You probably brush your hair, and your teeth (hopefully with natural toothpaste), but do you brush your skin? And why would you?
Dry Brushing for Skin
I’ve mentioned dry brushing before and it seems like the ancient practice is gaining modern popularity. I’ve even noticed “dry brushing” as an offering on the menu at spas in hotels I stayed at recently.
So what is it and why should you consider doing it?
Dry brushing is exactly what it sounds like… brushing the skin in a particular pattern with a dry brush, usually before showering.
In dry brushing, the skin is typically brushed toward the heart, starting at the feet and hands and brushing toward the chest.
Benefits of Dry Brushing
I’ve been dry brushing my skin for years, mostly because it feels great and makes my skin softer, but there are other benefits as well:
- Lymphatic Support: The lymphatic system is a major part of the body’s immune system. It is made up of organs and lymph nodes, ducts and vessels that transport lymph throughout the body. Many of these lymph vessels run just below the skin and proponents of dry brushing claim that brushing the skin regularly helps stimulate the normal lymph flow within the body and help the body detoxify itself naturally.
- Exfoliation: This benefit is often noticed the first time a person dry brushes. The process of running a firm, natural bristled brush over the skin helps loosen and remove dead skin cells, naturally exfoliating skin. I noticed much softer skin in the first few days and weeks after I started dry brushing and my skin has stayed soft. Dry brushing is one of the simplest and most natural ways to exfoliate skin.
- Clean Pores: The added benefit of exfoliating the skin, is clearing oil, dirt and residue from the pores. Though it isn’t recommended to dry brush the face unless you have a special, more delicate brush, dry brushing helps improve pores on the rest of the body.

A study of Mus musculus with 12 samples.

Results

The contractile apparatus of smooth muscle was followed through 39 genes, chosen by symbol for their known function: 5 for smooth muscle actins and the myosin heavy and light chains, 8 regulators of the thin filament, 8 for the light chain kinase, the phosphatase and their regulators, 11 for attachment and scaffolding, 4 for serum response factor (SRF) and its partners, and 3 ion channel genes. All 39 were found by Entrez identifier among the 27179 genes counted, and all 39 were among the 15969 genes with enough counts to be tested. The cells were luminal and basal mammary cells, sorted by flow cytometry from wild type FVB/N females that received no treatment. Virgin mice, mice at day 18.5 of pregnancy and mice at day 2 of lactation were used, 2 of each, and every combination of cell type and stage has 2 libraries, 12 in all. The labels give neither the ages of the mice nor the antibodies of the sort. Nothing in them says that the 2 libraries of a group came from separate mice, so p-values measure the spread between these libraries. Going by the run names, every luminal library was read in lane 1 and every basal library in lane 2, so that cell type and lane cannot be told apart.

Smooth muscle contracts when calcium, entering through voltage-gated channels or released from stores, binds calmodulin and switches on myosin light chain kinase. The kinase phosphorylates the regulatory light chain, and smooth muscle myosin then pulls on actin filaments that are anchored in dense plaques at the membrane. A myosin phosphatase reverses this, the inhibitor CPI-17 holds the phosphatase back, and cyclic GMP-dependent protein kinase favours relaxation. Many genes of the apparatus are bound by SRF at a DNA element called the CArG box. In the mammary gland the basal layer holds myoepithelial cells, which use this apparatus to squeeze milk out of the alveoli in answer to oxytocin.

- Cellulite Help: Though the evidence is anecdotal, I’ve found many accounts of people who claimed that regular dry brushing greatly helped their cellulite. I talked about this and my other cellulite remedies here. There isn’t much research to back the cellulite claims, but dry brushing feels great and makes skin softer, so there isn’t really any downside to trying it!
- Increased Energy and Blood Flow: I wouldn’t recommend dry brushing at night because it tends to give me a rush of energy. One theory is that because it increases circulation, it also increases energy. Either way, dry brushing is part of my morning routine.
Selecting a Dry Brush
I use a firm, natural bristle brush with a handle, which allows me to reach my entire back and easily brush the bottoms of my feet and the backs of my legs. There are many options in dry brushes, just make sure to find one with natural bristles.
How to Dry Brush
Dry brushing can be done daily, preferably in the morning before showering. Here’s what I do:
- Starting at the feet, I brush the bottoms of my feet and up my legs in long, smooth strokes. I typically brush each section of skin 10 times. For lymph flow, I always brush toward the heart/chest area where the lymph system drains
- Repeat the same process with the arms, starting with the palms of the hands and brushing up the arm toward the heart. Again, I brush each section of skin 10 times.
- I then repeat the process on my abdomen and back and my face with a more delicate brush.
Note: Don’t brush too hard! A soft and smooth stroke often works best. I find my skin is slightly pink after brushing, but it should never be red or sting.
I brush before showering and use a natural lotion after showering.
Have you ever dry brushed? Will you try it?